For adolescents with acute migraine, paranasal air suction can lead to immediate pain relief, according to a study published in BCM Neurology.
The aim of this randomized, parallel, double-blind, prospective study was to evaluate the effect of paranasal air suction on pain relief in adolescents with acute migraine. Patients were aged between 16 years and 19 years, met criteria for migraines according to the International Headache Society, and experienced more than 3, but not more than 15 migraine attacks per month. Patients were randomly assigned to either the treatment group receiving paranasal suction or the placebo group receiving placebo suction.
Paranasal suction consisted of 3 rounds of 10 seconds of suction followed by 10 seconds of recovery in each nostril. The placebo treatment followed the same protocol but instead of suction, only a sound occurred. A standard pain rating scale was used to assess migraine severity and suborbital tenderness both before and after treatment, and airflow rate was recorded during treatment. The primary end point was headache relief immediately after treatment.
Of the 50 adolescents included in this study, 29 were men, 21 were women; 27 were in the treatment group, and 23 were in the placebo group. The level of headache relief was significantly higher in the treatment group, with a mean drop of 37 compared with a mean drop of 12 in the placebo group (P <.01). When grouping patients based on the occurrence of auras, there was a mean drop of 10.5 in the treatment group with auras, a mean drop of 4 in the placebo group with auras, a mean drop of 27 in the treatment group without auras, and a mean drop of 8.5 in the placebo group without auras.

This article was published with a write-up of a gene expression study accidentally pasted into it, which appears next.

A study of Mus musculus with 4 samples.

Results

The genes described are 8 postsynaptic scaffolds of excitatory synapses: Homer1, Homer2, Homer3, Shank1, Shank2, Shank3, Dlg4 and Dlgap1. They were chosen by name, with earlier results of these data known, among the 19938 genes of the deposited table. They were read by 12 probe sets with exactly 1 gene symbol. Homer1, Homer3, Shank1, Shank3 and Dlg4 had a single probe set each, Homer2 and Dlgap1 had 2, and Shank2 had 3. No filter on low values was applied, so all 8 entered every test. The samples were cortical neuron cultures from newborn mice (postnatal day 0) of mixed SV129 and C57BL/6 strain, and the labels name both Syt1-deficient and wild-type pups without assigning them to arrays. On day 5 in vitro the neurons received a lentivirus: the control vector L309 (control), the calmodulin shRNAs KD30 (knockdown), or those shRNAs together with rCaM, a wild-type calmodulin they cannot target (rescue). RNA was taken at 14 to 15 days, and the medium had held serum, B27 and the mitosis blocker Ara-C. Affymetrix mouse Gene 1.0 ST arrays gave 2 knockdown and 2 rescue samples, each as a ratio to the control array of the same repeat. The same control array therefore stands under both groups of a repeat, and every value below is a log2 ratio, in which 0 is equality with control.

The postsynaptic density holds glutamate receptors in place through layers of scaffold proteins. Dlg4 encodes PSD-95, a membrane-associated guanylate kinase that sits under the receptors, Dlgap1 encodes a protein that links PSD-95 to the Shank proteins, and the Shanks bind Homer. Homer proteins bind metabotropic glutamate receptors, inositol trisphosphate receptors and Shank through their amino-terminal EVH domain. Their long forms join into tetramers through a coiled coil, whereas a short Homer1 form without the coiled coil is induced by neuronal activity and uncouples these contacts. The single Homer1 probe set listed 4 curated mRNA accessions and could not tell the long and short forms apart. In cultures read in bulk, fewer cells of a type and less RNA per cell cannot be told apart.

The level of suborbital tenderness on both the left and right side was significantly lower in the treatment group, with a mean drop of 36.6 and 37, respectively, compared with a mean drop of 12.5 and 12 in the placebo group (P <.01), respectively. Again, when grouping patients based on the occurrence of auras, patients without auras experienced a higher drop in tenderness after treatment. Nasal airflow rates differed between nostrils in all but 9 patients, and according to Fisher’s exact test, if one nostril had poor flow, the other nostril had normal flow (P =.01).
Limitations of this study include not evaluating long-term effects or potential adverse events, not analyzing neuro- and vasoactive air molecules, and that the device used for suction was large and not suitable for day-to-day living.
The researchers concluded that “60-[seconds] nasal air suction can provide an immediate relief from migraine pain as well as reduce migraine induced suborbital tenderness. A further study is suggested to compare and evaluate the acute effect, efficacy and side effects of nasal air suction using multiple measurements over a prolonged period.”
Bandara SMR, Samita S, Kiridana AM, Ralapanawa DMPUK, Herath HMMTB. Paranasal sinus air suction for immediate pain relief of acute migraine – a randomized, double blind pilot study. BMC Neurol. 2019;19(1):248.